Boeing Low-Profile In-Flight Broadband Antenna Clears Key Test Hurdles

Boeing has completed environmental and performance qualification testing on the aircraft satellite communications low-profile phased array antenna system it is developing for multipurpose satellite operator Al Yah Satellite Company (Yahsat) of the United Arab Emirates.

The aircraft manufacturer indicates that this antenna system has passed customer-witnessed acceptance testing, and that the antenna’s required data transfer rate was validated in over-the-air satellite tests.

“These milestones complete the qualification efforts for our most advanced aeronautical antenna leveraging expertise from across Boeing in designing and integrating antennas systems for customer aircraft,” said Paul Geery, Vice President for Command, Control and Communications Solutions. “The result is a low-profile SATCOM solution that provides en-route broadband connectivity for many types of aircraft.”

Boeing intends its low-profile low-drag antenna system to fit the needs of military and commercial customers looking for an advanced in-flight communications solution. These aircraft-qualified, low-profile, low-drag antenna, are easily installed, Boeing states, and would be used to send and receive data between airborne and ground terminals.

As Boeing explains: “The system employs steerable phased array technology, meaning the antenna uses electronics and not mechanical components to track a satellite, even when mounted on moving aircraft.”

The Yahsat contract calls for Boeing to deliver the first of eight low-profile antenna systems later this year for installation on various aircraft.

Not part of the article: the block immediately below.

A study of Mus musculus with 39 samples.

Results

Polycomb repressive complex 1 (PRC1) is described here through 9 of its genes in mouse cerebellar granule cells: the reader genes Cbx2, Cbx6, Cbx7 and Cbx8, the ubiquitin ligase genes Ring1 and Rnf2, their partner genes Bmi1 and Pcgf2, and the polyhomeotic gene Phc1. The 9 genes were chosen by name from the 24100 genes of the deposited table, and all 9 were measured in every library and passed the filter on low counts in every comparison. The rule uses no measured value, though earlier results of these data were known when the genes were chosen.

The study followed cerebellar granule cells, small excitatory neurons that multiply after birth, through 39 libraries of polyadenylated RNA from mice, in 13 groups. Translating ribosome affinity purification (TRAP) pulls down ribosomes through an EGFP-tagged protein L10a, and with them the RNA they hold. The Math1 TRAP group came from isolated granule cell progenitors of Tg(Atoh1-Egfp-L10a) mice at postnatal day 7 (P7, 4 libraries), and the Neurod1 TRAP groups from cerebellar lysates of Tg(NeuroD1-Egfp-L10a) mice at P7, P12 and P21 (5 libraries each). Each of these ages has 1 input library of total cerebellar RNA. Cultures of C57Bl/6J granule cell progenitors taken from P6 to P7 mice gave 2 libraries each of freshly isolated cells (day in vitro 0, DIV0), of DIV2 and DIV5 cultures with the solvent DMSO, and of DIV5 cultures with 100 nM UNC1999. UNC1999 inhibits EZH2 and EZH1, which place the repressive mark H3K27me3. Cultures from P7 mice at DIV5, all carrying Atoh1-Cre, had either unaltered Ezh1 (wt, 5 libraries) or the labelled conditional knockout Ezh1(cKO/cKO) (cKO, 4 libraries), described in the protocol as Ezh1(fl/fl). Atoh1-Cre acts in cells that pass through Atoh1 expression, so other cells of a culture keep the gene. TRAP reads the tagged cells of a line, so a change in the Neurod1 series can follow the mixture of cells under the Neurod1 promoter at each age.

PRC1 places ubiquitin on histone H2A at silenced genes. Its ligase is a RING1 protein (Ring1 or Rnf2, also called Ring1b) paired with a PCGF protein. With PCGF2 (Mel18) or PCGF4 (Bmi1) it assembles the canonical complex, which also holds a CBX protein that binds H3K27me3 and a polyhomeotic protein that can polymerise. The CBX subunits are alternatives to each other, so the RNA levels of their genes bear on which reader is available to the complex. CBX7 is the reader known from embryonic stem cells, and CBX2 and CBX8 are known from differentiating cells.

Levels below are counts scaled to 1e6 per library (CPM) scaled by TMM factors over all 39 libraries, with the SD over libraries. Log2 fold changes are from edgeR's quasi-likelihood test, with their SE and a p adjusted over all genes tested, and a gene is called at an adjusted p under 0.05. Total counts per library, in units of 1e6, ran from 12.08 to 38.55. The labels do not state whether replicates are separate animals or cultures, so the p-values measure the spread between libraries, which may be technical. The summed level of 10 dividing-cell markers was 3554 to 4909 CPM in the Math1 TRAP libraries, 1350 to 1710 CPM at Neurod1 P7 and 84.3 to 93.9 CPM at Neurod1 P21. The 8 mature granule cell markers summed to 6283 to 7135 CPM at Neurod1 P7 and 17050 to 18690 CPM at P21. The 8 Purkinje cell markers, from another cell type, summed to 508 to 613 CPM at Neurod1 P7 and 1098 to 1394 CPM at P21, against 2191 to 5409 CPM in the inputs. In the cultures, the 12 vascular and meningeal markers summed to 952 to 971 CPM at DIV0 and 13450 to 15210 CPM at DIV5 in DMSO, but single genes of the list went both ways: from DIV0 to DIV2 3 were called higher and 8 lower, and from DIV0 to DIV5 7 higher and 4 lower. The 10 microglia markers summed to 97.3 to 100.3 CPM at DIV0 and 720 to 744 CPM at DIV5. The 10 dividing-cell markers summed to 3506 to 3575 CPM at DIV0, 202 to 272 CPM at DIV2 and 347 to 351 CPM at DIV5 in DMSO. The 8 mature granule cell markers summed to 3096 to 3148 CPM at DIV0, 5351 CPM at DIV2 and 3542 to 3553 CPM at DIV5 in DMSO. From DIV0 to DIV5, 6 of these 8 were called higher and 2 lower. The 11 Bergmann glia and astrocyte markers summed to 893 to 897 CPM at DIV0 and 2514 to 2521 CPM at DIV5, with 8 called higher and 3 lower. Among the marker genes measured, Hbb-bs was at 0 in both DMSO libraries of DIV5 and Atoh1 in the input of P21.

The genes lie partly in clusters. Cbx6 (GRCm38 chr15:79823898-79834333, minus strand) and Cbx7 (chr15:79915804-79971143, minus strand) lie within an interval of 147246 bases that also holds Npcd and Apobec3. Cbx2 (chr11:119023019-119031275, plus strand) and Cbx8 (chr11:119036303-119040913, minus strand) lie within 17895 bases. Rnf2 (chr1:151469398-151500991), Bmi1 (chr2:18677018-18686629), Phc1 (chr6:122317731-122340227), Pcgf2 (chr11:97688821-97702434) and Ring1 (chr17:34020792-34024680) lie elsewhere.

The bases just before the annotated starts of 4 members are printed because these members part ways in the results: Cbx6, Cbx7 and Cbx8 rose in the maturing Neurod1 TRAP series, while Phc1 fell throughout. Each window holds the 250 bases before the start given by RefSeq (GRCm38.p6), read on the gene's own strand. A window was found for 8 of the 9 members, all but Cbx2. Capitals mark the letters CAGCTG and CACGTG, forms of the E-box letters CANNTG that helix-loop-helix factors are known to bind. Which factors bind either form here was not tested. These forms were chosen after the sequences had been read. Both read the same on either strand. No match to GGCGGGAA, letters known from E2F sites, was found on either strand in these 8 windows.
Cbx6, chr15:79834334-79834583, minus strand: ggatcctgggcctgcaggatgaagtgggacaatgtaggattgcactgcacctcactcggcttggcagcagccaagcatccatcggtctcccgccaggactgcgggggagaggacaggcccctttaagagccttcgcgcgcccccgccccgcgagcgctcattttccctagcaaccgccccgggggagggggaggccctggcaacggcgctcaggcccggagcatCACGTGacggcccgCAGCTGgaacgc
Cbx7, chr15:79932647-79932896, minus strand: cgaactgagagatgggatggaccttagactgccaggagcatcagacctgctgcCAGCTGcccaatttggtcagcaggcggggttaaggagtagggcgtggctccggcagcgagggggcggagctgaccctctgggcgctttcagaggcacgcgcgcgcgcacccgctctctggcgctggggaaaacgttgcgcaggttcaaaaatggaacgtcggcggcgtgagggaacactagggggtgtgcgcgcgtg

In-Flight Connectivity Satellite Antenna development is a costly venture for any competitor in this market.  All competitors must pass a series of test hurdles, and meet certification requirements, before their antennae can be installed on the production line.

Final approval to line-fit any antennae is the responsibility of the aircraft manufacturer, something manufacturers will only do once all their technical requirements are met.  Further, line-fit approval can be specific to an aircraft type; requiring separate approval processes for other aircraft.

For these reasons, many of the antennae currently installed on aircraft are installed after the aircraft exit the production line (retro-fit).

The extra work to retro-fit antennae on aircraft can delay an aircraft’s entry to service and generate additional costs.

Featured Image: Boeing engineers Stephanie Mount and Chuck Renneberg examine the low-profile phased array antenna (in foreground) and related components that make up Boeing’s new system to deliver broadband to aircraft in flight./Boeing

Marisa Garcia

After working for sixteen years in aviation, specializing in aircraft interiors design and aviation safety equipment, and getting hands-on with aircraft cabins in hangars around the world, Marisa Garcia turned her expertise into industry insight. She has been reporting on aviation matters since 2014. Every day, she's putting words to work.